Sandy Alderson: We're not 'testing the market,' 'we want to do something'

Mets GM Sandy Alderson speaks with reporters on

Mets GM Sandy Alderson speaks with reporters on Oct. 29, 2010. Photo Credit: Christopher Pasatieri


In two interviews, first with ESPN New York and then with WFAN, Alderson acknowledged the skepticism from the fan base. But he reiterated that the 2014 team will feature new faces.

"No," Alderson said of skimping on players. "No way. Why would we want to do that? I've got to watch all those games too, you know."

Expiring contracts have cleared more than $40 million in payroll, and Alderson said next season will be "a new day" for the franchise, which was restricted to $5 million in free-agent expenditures last offseason. Yet questions persist about whether the Mets can afford meaningful upgrades, either through free agency or the trade market.

For instance, at this week's GM meetings, Alderson said the Mets likely won't pursue players who might command $100-million contracts. The declaration essentially prices out free agents who might be an ideal fit, namely Shin-Soo Choo.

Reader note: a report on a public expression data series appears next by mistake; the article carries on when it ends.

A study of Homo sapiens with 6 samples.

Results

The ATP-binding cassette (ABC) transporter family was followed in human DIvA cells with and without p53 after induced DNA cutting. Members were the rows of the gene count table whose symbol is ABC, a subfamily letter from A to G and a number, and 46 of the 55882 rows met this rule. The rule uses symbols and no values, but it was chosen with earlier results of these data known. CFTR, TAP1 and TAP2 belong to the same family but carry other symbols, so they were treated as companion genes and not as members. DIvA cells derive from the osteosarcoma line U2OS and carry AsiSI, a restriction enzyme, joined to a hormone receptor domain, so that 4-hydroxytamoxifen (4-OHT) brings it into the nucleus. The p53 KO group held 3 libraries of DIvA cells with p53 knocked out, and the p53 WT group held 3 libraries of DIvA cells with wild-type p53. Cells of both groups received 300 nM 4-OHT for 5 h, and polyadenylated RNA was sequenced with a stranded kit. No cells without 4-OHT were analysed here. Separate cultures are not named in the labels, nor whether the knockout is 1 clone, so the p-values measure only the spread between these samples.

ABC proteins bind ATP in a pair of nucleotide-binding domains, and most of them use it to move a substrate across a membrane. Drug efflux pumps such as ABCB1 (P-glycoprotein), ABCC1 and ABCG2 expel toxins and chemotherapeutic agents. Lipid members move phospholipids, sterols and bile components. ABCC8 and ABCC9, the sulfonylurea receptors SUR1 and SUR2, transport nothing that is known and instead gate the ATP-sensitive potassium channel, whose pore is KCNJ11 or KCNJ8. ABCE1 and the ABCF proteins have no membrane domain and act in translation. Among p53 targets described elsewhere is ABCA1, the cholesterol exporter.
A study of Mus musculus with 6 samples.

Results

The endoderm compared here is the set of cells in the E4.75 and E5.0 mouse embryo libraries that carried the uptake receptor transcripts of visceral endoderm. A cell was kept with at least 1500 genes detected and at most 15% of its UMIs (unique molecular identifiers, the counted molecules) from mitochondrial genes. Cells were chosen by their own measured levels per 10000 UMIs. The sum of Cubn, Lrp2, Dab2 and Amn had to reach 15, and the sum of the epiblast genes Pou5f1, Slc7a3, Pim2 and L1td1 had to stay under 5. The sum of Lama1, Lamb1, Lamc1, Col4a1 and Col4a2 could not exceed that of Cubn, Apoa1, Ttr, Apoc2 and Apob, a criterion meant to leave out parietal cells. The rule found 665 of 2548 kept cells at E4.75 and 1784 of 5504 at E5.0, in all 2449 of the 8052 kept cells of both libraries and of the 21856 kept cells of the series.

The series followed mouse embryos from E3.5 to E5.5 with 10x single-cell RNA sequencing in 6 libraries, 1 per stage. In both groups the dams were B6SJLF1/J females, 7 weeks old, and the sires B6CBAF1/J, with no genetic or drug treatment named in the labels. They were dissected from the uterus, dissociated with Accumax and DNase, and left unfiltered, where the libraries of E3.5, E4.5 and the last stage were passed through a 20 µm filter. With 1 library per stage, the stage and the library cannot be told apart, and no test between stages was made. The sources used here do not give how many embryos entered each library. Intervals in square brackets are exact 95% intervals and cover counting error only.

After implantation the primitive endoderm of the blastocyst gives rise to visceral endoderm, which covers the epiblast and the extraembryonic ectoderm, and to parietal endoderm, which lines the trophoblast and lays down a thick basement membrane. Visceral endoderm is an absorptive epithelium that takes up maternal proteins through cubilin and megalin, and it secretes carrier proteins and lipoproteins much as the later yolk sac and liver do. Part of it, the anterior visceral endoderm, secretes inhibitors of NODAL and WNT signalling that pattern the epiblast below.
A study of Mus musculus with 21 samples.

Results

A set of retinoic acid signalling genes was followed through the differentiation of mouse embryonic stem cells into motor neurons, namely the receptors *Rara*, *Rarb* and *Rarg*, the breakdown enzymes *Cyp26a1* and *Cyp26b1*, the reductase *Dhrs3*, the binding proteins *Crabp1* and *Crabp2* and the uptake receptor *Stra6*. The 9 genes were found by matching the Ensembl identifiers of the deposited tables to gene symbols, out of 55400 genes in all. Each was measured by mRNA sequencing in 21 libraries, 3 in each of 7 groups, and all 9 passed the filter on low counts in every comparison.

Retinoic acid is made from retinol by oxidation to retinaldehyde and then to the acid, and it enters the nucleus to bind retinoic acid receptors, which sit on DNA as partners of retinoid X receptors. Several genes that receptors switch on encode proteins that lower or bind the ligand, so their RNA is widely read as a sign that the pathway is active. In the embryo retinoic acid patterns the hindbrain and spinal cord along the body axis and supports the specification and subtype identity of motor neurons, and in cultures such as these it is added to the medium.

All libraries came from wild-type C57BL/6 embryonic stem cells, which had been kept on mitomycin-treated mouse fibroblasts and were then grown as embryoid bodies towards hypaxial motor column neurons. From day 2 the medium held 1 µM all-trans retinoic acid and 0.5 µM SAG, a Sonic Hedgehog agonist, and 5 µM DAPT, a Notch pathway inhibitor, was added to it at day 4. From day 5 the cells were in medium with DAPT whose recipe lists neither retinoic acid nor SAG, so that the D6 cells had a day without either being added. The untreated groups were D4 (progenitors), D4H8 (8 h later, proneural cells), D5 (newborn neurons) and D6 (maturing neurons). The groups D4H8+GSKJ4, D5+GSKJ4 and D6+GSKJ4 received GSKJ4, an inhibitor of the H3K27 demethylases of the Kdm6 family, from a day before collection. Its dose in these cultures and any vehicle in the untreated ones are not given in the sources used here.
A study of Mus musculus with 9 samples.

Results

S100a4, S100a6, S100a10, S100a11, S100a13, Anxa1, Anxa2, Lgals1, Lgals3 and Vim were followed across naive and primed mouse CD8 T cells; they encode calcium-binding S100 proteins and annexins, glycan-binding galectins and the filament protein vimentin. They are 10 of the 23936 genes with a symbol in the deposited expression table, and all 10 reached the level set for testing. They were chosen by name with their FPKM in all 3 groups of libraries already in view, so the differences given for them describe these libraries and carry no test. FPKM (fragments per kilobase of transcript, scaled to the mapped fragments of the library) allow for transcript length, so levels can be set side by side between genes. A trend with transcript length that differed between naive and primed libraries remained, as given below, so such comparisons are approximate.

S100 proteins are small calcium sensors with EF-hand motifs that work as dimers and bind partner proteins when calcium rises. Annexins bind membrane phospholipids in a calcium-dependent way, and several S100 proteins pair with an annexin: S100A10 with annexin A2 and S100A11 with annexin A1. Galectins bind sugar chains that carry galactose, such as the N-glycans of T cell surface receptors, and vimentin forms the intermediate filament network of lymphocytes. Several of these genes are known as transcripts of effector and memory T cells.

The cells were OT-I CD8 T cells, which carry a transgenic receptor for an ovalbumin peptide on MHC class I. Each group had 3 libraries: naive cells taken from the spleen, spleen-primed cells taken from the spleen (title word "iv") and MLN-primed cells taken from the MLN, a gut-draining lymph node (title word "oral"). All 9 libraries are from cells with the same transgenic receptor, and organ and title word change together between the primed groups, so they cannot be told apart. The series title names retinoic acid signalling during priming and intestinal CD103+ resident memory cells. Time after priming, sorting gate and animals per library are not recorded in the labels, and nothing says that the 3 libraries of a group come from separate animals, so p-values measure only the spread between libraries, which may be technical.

Alderson also balked at the notion that the Mets should attempt a Red Sox-like roster overhaul. Though the Red Sox targeted mid-tier free agents, they still spent much more than what the Mets have budgeted for this offseason.

Said Alderson: "Right now, we're trying to determine what realistically is available in those areas where we feel we need to prioritize, but also what else is out there that might be able to help us in a more creative way."

As is typical for most teams, most of the Mets' moves might not come until later in the offseason.

"It's not like we're testing the market to see if we want to do something," Alderson said. "No, we want to do something . . . We'll get there."

Notes & quotes: Though the Mets were pleased with his work behind the plate, they believed catcher Travis d'Arnaud showed an inconsistent approach at the plate. "Any time you get below the Mendoza line, particularly a young guy like that, you start to panic," Alderson said. D'Arnaud, 24, hit .202 in his first 31 games of big-league action . . . The Mets' interest in free-agent righthander Alfredo Aceves appears to be for only a minor-league deal, according to a source . . . Alderson said top pitching prospect Noah Syndergaard is virtually untouchable in trade talks.